Brexit doesn’t affect GDPR compliance

UK to bring new Data Protection Bill to Parliament in 2017 which adopts GDPR

A major overhaul of EU privacy rules could make the confusing world of online monitoring a thing of the past as businesses become more transparent about the way they use your personal information as well as how and to whom it is passed.

With a stronger emphasis on e-Privacy, a raft of tough new data protection regulations are set to be brought in next May and failing to be ready could leave businesses facing reputation damage and even multi-million pound fines.

What does GDPR do

The EU’s General Data Protection Regulation (GDPR) gives people more control over how their personal data is used as well as how businesses can store and use that information. It takes on much of the approach laid out under the Data Protection Act (DPA) 1998, but converts it for a more digital age.

Despite Brexit plans, every UK business that operates in the EU or offers goods and services across Europe, will need to abide by the new regulation, which comes into force on May 25th, 2018.  In addition to that, the UK are in the process of adopting it into statute in September 2017 with little variation from the EU regulation.

Failing to adhere to this could leave a business facing huge fines stretching in to the billions of pounds. And a major cash hit is not the only implication facing businesses – damage to a reputation could be the difference between a business thriving or failing. Global internet giant Yahoo’s massive data breach in 2014 is said to have impacted on a takeover deal of the firm after data including names, email addresses, phone numbers and encrypted passwords of ‘at least’ 500 million user accounts were affected.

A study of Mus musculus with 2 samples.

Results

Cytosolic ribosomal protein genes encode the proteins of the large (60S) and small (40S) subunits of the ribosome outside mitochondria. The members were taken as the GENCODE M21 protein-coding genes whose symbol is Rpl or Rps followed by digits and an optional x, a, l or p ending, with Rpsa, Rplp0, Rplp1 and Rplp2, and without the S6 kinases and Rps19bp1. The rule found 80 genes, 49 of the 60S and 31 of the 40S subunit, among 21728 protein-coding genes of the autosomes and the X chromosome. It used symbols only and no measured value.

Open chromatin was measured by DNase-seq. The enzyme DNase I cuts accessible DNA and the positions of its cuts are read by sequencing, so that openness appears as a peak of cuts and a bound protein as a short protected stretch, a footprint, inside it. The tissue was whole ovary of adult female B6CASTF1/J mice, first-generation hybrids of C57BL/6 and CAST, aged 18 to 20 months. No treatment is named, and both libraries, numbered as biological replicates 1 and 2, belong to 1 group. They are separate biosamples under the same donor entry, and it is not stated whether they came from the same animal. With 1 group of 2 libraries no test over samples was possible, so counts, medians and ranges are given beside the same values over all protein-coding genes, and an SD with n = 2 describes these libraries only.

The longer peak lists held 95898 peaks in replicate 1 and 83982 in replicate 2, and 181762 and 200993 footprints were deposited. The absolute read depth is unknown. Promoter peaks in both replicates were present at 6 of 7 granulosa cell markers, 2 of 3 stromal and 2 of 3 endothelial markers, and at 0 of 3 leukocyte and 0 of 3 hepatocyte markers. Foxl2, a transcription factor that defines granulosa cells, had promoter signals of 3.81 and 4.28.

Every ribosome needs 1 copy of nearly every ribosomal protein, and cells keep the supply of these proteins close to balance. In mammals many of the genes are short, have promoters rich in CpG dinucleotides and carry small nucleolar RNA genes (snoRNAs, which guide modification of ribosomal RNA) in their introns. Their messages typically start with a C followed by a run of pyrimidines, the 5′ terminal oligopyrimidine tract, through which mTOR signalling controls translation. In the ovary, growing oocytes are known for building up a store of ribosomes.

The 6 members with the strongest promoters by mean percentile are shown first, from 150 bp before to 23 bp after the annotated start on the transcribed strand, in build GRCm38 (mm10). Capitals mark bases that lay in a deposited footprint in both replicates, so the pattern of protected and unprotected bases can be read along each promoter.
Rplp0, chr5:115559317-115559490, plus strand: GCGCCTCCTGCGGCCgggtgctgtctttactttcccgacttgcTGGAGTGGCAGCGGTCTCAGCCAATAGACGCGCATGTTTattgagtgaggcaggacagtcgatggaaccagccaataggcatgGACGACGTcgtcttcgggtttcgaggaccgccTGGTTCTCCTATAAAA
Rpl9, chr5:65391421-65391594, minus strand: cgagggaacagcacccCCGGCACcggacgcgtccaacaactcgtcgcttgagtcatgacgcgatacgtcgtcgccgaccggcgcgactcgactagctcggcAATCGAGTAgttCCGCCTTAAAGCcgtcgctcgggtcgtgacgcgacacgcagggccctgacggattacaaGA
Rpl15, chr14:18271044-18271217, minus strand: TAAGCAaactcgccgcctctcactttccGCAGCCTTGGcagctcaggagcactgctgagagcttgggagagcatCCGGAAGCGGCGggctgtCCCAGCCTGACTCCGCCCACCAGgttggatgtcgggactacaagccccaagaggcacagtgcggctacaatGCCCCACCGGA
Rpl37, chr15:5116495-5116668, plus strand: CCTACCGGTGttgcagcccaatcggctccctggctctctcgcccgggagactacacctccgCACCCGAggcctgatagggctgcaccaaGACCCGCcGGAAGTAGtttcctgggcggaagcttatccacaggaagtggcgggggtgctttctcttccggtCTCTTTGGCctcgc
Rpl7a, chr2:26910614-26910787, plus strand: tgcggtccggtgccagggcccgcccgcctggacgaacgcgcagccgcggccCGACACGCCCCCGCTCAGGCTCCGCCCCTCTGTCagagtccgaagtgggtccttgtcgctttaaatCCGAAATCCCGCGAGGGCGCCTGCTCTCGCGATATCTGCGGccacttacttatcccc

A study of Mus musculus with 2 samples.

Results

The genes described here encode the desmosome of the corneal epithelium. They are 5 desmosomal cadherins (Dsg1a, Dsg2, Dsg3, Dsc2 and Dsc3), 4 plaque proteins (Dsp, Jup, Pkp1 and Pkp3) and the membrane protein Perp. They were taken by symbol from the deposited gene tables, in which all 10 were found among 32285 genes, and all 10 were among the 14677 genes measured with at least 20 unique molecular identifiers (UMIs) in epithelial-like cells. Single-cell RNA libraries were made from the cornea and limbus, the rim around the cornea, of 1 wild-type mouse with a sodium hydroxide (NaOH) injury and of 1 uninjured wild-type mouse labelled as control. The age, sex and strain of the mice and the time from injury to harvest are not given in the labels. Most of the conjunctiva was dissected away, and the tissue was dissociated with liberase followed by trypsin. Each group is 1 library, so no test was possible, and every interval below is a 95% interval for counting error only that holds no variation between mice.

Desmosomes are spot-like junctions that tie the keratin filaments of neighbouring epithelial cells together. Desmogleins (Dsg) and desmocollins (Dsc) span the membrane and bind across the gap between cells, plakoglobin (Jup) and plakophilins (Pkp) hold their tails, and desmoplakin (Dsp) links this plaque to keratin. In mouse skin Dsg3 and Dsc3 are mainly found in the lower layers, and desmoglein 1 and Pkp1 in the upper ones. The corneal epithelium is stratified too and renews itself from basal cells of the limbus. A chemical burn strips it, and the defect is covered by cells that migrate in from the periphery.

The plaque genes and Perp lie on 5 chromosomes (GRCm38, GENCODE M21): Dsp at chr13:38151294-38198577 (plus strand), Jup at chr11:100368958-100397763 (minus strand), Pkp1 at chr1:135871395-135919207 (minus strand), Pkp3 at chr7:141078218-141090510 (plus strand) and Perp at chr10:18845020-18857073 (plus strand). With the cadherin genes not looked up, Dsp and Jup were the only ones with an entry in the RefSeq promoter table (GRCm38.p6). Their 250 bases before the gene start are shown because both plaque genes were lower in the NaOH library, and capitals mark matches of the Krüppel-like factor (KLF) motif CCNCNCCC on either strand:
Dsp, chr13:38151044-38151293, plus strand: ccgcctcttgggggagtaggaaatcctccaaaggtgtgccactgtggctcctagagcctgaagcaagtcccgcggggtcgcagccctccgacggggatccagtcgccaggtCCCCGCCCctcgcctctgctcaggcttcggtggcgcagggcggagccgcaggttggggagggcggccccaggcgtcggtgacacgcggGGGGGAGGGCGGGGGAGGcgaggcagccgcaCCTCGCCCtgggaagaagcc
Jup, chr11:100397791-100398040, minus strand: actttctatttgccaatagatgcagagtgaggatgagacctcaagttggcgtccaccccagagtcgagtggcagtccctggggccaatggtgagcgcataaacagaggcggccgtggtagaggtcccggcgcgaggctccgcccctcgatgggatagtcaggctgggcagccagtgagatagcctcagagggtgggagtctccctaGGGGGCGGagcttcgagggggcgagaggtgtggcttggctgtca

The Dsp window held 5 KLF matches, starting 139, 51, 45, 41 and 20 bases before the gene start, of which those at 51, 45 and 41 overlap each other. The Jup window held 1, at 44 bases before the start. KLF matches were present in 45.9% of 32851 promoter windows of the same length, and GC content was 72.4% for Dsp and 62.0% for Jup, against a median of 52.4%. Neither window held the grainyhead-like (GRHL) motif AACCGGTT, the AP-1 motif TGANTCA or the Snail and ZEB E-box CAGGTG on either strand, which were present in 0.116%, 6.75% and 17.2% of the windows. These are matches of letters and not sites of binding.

Much to be done

With such far reaching privacy consequences ahead, more needs to be done by businesses to ready themselves for the changes.

The Government, via the Information Commissioners Office (ICO) are working to explain and introduce GDPR as it seems that awareness of the new regulation is still poor. In fact, it is estimated that half of organisations have no plan for GDPR.

With compliance to the GDPR the responsibility of each individual business, it is essential that a cohesive plan is in place, especially as a breach of the new privacy rules could leave companies at risk of penalties of up to £17million (€20million).

For more information about how our compliance management software Gydeline can help you be ready for the GDPR, click here.

How Gydeline helps

We, at Gydeline, help small and medium sized organisations save money and time by building systems, processes and policies that simplify their business and support their sustainability aims.  We do this with a range of services.

If you would like to discuss any aspects of dealing with this and other risks in your business we are always happy to offer some, free, no obligation assistance – just contact us.